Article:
The Plot Against America
Philip Roth’s 2004 novel, The Plot Against America, sounds like this:
Aunt Evelyn was triumphant but my father was stymied, said almost nothing, and at the dinner table that evening looked especially glum when Sandy got around to reporting on what a paragon Mr. Mawhinney was. First off Mr. Mawhinney had graduated from the College of Agriculture at the University of Kentucky, while my father, like most other Newark slum children before the World War, hadn’t been educated beyond the eighth grade. Mr. Mawhinney owned not just one farm but three – the lesser two rented to tenants – land that had been in his family going back nearly to the days of Daniel Boone, and my father owned nothing more impressive than a six-year-old car. Mr. Mawhinney could saddle a horse, drive a tractor, operate a thresher, ride a fertilizer drill, work a field as easily with a team of mules as with a team of oxen; he could rotate crops and manage hired men, both white and negro; he could repair tools, sharpen plow points and mowers, put up fences, string barbed wire, raise chickens, dip sheep, dehorn cattle, slaughter pigs, smoke bacon, sugar-cure ham – and he raised watermelons that were the sweetest and juiciest Sandy had ever eaten. By cultivating tobacco, corn, and potatoes, Mr. Mawhinney was able to make a living right out of the earth and then, at Sunday dinner (where the six-foot-three-inch, two-hundred-and-thirty-pound farmer consumed more fried chicken with cream gravy than everyone else at the table combined), eat only food that he himself had raised, and all my father could do was sell insurance. It went without saying that Mr. Mawhinney was a Christian, a long-standing member of the great overpowering majority that fought the revolution and founded the nation and conquered the wilderness and subjugated the Indian and enslaved the negro and emancipated the negro and segregated the negro, one of the good, clean, hard-working Christian millions who settled the frontier, tilled the farms, built the cities, governed the states, sat in Congress, occupied the White House, amassed the wealth, possessed the land, owned the steel mills and the ball clubs and the railroads and the banks, even owned and oversaw the language, one of those unassailable Nordic and Anglo-Saxon Protestants who ran America and would always run it – generals, dignitaries, magnates, tycoons, the men who laid down the law and called the shots and read the riot act when they chose to – while my father, of course, was only a Jew.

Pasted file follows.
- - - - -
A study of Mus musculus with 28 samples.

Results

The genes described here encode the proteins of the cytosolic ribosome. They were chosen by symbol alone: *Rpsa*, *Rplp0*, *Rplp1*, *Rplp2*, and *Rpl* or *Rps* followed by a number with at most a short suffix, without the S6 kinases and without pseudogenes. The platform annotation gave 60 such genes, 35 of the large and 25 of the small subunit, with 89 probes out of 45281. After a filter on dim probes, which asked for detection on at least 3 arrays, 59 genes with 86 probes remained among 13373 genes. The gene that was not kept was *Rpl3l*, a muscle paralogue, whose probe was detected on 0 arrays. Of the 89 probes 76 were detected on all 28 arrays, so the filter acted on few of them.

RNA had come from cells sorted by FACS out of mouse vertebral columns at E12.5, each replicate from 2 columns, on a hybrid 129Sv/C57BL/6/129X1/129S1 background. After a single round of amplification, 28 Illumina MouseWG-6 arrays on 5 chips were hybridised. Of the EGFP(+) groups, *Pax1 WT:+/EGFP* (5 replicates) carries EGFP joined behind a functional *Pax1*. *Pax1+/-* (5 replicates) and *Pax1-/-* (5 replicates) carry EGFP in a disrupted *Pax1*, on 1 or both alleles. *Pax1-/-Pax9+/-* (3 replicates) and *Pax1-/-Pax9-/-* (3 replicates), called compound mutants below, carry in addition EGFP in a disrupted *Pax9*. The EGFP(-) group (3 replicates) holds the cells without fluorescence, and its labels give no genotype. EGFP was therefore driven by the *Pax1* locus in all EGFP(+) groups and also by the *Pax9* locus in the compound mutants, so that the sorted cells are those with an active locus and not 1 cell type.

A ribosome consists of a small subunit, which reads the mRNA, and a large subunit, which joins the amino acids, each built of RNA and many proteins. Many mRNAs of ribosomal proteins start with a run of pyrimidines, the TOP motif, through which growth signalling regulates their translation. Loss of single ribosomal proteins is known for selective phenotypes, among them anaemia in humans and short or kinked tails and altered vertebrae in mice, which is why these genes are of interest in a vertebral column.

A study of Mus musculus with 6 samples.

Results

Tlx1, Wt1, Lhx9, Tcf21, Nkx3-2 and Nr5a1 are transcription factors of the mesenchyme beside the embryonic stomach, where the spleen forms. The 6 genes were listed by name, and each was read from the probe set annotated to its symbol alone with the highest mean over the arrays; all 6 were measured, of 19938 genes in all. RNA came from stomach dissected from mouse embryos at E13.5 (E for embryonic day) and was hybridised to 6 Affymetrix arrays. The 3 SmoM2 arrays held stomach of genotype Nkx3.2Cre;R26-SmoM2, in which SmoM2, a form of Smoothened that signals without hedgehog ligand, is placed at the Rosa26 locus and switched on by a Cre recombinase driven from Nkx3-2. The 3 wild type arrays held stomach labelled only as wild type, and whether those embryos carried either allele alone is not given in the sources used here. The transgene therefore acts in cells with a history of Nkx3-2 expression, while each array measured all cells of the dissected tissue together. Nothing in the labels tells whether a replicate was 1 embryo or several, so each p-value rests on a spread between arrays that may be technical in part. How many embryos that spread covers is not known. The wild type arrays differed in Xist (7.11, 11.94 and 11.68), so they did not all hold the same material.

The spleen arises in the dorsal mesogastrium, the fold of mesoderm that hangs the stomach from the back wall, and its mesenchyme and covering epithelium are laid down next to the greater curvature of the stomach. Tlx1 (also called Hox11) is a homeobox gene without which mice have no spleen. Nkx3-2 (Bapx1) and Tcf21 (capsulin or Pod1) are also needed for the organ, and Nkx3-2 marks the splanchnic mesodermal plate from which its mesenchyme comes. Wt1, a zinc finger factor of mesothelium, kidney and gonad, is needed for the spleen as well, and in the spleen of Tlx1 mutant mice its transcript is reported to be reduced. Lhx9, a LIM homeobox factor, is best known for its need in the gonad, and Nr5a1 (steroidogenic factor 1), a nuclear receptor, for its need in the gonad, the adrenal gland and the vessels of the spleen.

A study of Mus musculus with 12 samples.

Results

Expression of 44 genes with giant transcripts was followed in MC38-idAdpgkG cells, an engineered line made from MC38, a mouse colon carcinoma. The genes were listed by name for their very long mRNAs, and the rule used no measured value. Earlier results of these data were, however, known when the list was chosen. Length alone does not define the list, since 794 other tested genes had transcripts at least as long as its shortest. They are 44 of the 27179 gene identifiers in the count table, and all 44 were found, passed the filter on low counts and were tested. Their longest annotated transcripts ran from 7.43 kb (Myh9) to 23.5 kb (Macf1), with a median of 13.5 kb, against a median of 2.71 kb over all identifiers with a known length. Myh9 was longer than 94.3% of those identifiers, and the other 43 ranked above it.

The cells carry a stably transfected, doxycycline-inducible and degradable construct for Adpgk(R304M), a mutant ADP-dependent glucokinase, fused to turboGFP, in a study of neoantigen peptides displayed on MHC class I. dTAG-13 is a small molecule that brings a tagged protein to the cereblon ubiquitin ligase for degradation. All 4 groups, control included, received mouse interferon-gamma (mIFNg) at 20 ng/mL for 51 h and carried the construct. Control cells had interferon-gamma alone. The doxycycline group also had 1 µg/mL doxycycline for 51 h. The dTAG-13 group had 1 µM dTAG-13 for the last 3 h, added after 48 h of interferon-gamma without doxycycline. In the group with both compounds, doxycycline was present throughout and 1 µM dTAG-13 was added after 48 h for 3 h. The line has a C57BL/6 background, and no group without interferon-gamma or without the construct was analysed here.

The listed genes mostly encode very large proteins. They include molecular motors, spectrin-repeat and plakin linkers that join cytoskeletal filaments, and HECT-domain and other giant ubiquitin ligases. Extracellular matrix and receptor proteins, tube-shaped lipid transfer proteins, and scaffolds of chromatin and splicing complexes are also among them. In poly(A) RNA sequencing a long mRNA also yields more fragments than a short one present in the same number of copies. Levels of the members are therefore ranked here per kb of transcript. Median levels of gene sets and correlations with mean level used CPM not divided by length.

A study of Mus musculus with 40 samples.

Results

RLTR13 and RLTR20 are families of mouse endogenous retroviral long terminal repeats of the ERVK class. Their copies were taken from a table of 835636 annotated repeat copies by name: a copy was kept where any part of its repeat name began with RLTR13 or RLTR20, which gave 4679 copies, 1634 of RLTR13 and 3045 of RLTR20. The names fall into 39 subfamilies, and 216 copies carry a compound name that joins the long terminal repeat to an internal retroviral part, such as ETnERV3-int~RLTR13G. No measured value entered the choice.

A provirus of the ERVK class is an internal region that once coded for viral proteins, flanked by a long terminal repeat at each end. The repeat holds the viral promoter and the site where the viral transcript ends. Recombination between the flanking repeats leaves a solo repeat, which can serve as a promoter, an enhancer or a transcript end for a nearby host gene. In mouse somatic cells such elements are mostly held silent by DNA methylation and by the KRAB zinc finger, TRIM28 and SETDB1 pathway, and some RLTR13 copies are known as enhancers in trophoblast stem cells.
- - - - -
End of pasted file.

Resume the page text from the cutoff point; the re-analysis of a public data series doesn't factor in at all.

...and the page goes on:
Roth’s political novel is a fable of an alternative universe in which America has gone fascist. Roth imagines that Charles A.Lindbergh, a friend and admirer of Hitler, aviation pioneer and popular hero, defeats Franklin Delano Roosevelt in the 1940 presidential election.
The Plot Against America was first published in 2004. At once mesmerizing and unsettling, it views Lindbergh’s presidency through the knowing eyes of a six-year-old Jewish boy in Newark. A child who is seriously scarred by the developments to which he is a first-hand witness: ‘Our incomparable American childhood was ended . . . never would I be able to revive that unfazed sense of security first fostered in a little child by a big, protective republic and his ferociously responsible parents.’
The novel is about disenchantment and is the work of a novelist entering the final period of his career. It is also unrepentantly nostalgic for both writer and reader. Roth enters history and fiction and takes us by the hand. It is a wonderful excursion, passing landmarks which we may have imagined but which may also have been real. It is a journey into terror and into the unimaginable, and although we enter a recognizable period of history, we are always close to our own time. And the historic events, the fictions we visit, have their counterparts in our own contemporary history and fictions and facts.